Coronavirus at Christmas: The Q4 outlook for food and drink producers

7 min read

Food & Drink

This is the latest update from Santander’s Food & Drink team on how the coronavirus pandemic is affecting our clients and the sector as a whole.

Food & drink

We’re continuing to work closely with our partners and clients from across the food and drink sector as they manage the challenges presented by the coronavirus crisis. But not every sub-sector of the industry has been affected in the same way, with some areas reporting increased sales during the pandemic. Functional and health foods provide a good example.

This is a sector that has developed rapidly in recent years, with products spanning areas such as cereals aimed at improving gut health, high-protein soups and soft drinks with added vitamins. Many Britons are switching to different types of diet and exercising more frequently, increasing demand for functional foods.

Before the pandemic, growth in the functional food sector was threatened. Kantar reports that while Britons spend more than £20bn a year on food and drinks chosen for health reason, their appetite for ‘an ever-increasing number of benefits from each product’ and the view that eating healthily costs more have been undermining the market.

Indeed, Kantar says that before coronavirus, there were 25m fewer food and drink servings chosen for health reasons over the previous year. The decline, mirroring lower consumer confidence, was similar to the experience of the 2008-09 recession. Some areas continued to outperform, and health remains big business with key products including dried fruit, nuts, pulses, honey, yoghurt and olives; and a fifth of all breakfast servings are chosen for health reasons. Still, the decline was evident in areas such as snacks, which recorded a 7% fall in afternoon servings chosen for health reasons despite an increasing number of products.

However, the pandemic appears to have reversed this trend, with suppliers reporting renewed interest in functional products. While initial panic buying has subsided, sales are still, on average, 30% higher than this time last year. Low-sugar and high-protein granolas, two of the sector’s best sellers, are performing particularly strongly. But across the whole of the sector, consumers’ focus on health – despite the fact that no diet has been shown to ward off coronavirus or limit its affects – is providing a significant boost to functional and health foods.

Analysts anticipate further growth to come from immune system-boosting products. Consumers are particularly focused on vitamin C. Immunity drinks such as function teas are also performing strongly. Tetley says sales of its Super Fruits Immune Peach & Orange, Super Fruits Multivitamin Summer Berry and Super Herbal. 

Multivitamin Turmeric & Camomile drinks – were up in volume terms by 34%, 343% and 618% respectively over the four weeks to 21 March. 


Supporting growth in the sector

Our sector partners in international markets also report a significant increase in demand for health and wellbeing products. We have several initiatives to assist UK manufacturers wanting to take advantage of market conditions by accessing new territories:

  • France: We plan to have a trade mission to France in October. The trip is currently scheduled as a visit to Paris to meet key buyers across all delivery channels, but a digital mission is possible instead if travel remains restricted.
  • United Arab Emirates: In the UAE, we have a partnership with Al Maya, a major retailer, which has enabled us to secure shelf space for up to 30 brands in a ‘Best of British’ week in its main stores during November. This is a fantastic opportunity to get products better known in a growing market. We will work closely with Al Maya’s UK representatives to help brands prepare for export, with help in areas such as labelling, regulation and logistics.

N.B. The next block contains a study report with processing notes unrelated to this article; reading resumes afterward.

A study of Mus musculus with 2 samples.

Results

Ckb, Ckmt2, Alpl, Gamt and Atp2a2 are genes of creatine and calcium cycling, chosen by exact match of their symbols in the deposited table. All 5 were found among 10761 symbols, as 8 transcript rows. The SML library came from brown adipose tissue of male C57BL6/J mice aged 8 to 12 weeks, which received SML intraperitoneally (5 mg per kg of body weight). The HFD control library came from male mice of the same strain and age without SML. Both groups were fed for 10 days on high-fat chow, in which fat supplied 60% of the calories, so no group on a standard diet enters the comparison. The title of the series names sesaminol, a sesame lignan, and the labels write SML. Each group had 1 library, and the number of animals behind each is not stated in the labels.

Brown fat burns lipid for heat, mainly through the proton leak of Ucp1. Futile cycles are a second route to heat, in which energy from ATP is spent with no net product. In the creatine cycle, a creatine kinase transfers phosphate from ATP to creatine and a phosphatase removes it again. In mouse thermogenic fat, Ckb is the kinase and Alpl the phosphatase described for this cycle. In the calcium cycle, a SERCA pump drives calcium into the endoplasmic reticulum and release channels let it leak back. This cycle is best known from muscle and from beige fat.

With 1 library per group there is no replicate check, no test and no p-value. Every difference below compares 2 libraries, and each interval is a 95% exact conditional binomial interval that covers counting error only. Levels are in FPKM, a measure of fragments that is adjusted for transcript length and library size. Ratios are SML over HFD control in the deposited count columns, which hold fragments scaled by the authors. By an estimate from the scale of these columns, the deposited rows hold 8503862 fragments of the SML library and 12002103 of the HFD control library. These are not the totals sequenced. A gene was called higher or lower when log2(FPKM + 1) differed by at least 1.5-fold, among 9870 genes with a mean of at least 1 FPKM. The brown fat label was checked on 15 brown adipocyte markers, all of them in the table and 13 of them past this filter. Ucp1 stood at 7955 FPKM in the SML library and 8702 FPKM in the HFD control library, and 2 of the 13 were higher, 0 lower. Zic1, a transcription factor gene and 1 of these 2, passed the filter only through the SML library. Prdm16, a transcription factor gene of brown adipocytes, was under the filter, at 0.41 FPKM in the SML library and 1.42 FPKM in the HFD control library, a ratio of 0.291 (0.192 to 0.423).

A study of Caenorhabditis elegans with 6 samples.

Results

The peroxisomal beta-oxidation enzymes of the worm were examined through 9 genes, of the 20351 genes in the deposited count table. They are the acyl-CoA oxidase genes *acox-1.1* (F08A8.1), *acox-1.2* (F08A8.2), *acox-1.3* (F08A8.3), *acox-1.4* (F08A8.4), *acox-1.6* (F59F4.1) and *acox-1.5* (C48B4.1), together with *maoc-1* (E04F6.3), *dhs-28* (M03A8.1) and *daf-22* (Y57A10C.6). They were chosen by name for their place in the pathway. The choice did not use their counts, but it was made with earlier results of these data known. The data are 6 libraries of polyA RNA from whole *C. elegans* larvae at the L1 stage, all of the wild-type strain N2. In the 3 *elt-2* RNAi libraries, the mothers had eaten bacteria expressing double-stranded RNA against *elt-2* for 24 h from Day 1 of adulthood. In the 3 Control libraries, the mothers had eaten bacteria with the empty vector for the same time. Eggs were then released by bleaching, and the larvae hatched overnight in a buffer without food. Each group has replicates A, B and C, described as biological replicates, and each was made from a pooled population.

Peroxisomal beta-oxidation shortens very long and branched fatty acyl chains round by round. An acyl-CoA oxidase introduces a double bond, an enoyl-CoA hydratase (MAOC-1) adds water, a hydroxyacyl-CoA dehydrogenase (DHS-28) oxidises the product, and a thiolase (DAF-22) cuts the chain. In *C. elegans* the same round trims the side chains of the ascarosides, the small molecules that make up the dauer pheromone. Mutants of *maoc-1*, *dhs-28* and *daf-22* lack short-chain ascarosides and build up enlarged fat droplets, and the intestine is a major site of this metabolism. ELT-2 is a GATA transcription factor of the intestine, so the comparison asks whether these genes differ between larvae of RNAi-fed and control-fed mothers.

• Spain: We’re planning a digital trade mission to Spain in late summer. We hope to have more information next week when we run our latest industry webinar on the health and wellness sub-sector.


How the UK’s quarantine plans affect the industry

The Department for the Environment, Food and Rural Affairs is reportedly close to securing an exemption for large parts of the food industry from the proposed new quarantine arrangements. These will require travellers to the UK to quarantine for 14 days on arrival, which food industry groups say could bring factories to a standstill.

Bodies such as the Food and Drink Federation (FDF) have joined other sectors in warning that the quarantine proposals could cause real problems, with particular concern about foreign maintenance staff. “Dozens of factories will have regular need for engineers to maintain production, and the only way is if you get an engineer from the machinery company,” warns FDF chief executive Ian Wright. Another source describes the proposals as a “nightmare” for the farming sector and “pointless”, given that arrivals from France and Ireland would continue.

However, The Grocer magazine reports that environment secretary George Eustice is pushing for exemptions for seasonal workers and specialist engineers servicing the food sector.


This week in food & drink

The government has agreed to underwrite trade credit insurance for the rest of the year to keep supply chains moving, The Grocer reports. The magazine also reports on a campaign to get the government to appoint a ‘minister for hunger’ amid concerns about vulnerable people struggling to get food, with FDF CEO Ian Wright warning of the need for the government to tackle food supply issues.

Elsewhere, The Grocer reports sales of stilton have fallen by as much as 30% amid the pandemic, largely because of the collapse of the food service, hospitality and export markets. By contrast, sales of butter have soared, partly because of initial panic-buying but also because people appear to be changing their diets.